President Taylor is accused of involvement in three civil wars
Liberian President Charles Taylor has been told to arrest two Sierra Leoneans indicted for war crimes or face prosecution.
Both Sam Bockarie, alias "Mosquito" and Johnny Paul Koroma are in Liberia,
Alan White, chief investigator for the United Nations-backed Special Court for Sierra Leone, told the BBC's Network Africa.
Mr Bockarie was a senior commander of the rebel Revolutionary United Front which committed widespread atrocities during Sierra Leone's brutal 10-year civil war.
Johnny Paul Koroma seized power from the elected leader Ahmad Tejan Kabbah in 1997 and later formed an alliance with the RUF.
Earlier this week, Mr Bockarie was accused of killing a rebel commander in neighbouring Ivory Coast.
The UN prosecutor said that Mr Koroma had been in Liberia for up to a month, while Mr Bockarie crossed the border after Ivory Coast rebels said they wanted him for the killing of Felix Doh.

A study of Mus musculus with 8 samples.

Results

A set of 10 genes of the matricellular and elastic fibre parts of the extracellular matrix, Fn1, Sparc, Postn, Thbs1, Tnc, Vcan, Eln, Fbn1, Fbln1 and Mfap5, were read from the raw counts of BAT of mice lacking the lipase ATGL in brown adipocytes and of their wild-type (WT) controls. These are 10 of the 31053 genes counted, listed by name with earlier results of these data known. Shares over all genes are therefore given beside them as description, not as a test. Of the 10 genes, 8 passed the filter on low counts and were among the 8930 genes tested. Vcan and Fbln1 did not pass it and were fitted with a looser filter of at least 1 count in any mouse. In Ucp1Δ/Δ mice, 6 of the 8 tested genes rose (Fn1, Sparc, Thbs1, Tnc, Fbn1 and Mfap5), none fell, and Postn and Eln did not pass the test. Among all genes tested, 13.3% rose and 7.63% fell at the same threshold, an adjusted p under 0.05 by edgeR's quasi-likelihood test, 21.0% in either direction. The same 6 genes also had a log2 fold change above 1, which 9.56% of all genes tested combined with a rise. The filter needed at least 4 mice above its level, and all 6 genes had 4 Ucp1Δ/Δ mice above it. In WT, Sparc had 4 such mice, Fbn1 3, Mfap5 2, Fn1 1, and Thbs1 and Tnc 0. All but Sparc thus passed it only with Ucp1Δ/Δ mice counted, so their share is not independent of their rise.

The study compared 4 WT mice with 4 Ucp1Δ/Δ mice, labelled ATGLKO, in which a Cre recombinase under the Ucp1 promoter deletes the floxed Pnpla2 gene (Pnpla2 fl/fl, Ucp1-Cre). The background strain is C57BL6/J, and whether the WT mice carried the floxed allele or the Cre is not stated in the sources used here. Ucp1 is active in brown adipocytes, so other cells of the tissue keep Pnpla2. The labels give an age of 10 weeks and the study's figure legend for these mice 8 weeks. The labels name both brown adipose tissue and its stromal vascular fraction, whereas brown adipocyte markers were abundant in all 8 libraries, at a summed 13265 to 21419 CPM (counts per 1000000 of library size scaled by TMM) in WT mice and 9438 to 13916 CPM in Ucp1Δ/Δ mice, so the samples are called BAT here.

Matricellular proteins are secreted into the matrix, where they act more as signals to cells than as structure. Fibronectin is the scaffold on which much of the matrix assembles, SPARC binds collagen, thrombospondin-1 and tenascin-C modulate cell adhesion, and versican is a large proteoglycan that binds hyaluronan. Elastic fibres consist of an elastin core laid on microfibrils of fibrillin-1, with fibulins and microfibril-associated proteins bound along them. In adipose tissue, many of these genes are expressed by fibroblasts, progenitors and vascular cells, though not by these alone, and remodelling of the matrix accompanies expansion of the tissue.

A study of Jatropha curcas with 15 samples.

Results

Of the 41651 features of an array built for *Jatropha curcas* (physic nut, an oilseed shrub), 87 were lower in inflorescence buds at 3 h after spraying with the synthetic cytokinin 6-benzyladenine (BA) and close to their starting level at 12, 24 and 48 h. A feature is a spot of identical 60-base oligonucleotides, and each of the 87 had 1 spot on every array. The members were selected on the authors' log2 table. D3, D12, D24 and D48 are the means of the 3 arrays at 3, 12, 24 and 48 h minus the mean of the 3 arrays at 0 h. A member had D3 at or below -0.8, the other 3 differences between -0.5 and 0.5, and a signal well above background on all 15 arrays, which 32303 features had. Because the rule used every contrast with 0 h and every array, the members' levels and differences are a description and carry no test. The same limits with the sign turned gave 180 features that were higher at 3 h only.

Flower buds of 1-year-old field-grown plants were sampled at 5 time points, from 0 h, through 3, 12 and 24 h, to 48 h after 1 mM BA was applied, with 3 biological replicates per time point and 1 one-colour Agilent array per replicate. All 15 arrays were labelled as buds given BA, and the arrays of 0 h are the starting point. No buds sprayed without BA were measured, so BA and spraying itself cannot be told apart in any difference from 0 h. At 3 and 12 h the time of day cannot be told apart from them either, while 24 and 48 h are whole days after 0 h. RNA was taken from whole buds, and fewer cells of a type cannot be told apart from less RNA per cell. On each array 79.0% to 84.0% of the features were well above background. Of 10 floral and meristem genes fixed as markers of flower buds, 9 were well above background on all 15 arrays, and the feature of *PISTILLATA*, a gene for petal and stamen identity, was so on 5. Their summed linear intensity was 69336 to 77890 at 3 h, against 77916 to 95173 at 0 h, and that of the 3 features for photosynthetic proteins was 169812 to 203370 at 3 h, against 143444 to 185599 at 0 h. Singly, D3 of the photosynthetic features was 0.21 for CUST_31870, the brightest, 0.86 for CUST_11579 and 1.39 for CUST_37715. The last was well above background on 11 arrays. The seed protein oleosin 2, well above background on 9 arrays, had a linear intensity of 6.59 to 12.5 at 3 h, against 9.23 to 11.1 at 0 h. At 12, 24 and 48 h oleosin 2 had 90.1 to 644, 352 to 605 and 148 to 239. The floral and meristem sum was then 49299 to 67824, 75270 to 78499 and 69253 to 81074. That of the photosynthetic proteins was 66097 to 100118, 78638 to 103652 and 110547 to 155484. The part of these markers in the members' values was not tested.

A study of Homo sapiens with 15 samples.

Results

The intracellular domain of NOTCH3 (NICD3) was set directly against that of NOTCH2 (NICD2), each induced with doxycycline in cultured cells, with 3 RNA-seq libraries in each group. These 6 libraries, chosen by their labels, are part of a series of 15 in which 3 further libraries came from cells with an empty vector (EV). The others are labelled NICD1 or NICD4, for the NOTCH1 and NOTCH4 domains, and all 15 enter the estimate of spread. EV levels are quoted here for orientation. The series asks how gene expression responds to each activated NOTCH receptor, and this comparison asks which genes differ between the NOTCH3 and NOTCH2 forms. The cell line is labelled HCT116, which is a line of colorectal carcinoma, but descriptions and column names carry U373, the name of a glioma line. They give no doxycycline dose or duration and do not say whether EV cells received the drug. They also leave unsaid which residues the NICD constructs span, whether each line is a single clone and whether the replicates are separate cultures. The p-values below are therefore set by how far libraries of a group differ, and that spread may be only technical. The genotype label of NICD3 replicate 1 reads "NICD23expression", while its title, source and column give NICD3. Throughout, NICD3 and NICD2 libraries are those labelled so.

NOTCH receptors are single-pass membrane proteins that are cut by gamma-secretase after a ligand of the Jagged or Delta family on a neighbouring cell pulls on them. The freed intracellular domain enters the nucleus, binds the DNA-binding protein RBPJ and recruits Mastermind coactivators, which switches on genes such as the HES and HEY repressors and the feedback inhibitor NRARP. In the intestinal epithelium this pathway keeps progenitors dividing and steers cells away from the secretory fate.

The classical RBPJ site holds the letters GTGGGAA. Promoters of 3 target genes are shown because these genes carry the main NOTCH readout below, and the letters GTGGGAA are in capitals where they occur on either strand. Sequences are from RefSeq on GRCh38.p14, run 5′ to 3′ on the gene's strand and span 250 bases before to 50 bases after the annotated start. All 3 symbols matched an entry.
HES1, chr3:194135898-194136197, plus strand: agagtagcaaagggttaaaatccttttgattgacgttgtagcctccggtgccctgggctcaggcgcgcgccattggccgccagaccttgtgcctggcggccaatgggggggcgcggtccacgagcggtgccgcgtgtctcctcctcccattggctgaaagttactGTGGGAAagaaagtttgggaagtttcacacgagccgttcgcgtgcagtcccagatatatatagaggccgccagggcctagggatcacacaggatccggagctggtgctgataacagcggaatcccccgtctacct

We have the authority to indict and arrest a head of state for war crime violations
Special Court for Sierra Leone
"The president of Liberia is put on notice that he has two indicted war criminals on his territory," Mr White said.
"If he does not turn those individuals over to the Special Court, he could be subject to prosecution for aiding and abetting known war criminals."
Mr Koroma fled Sierra Leone earlier this year after the authorities tried to arrest him following an attack on a military barracks.
He was elected to parliament last year after receiving a large number of votes from the military.
President Taylor is under UN sanctions for allegedly backing the RUF in their rebellion which ended early last year.
Civilians have paid the price of West Africa's rebellions
He has also been accused of setting up the two rebel groups which operate in western Ivory Coast.
He denies any involvement with them, although his ministers accept that some Liberian mercenaries may be fighting in Ivory Coast.
Mr Taylor came to power in 1997 elections following an eight-year civil war in Liberia.
The UN prosecutor insisted he had the right to pursue the president, but would have to seek permission from the Security Council.
"We have the authority to indict and arrest a head of state for war crime violations," Mr White said.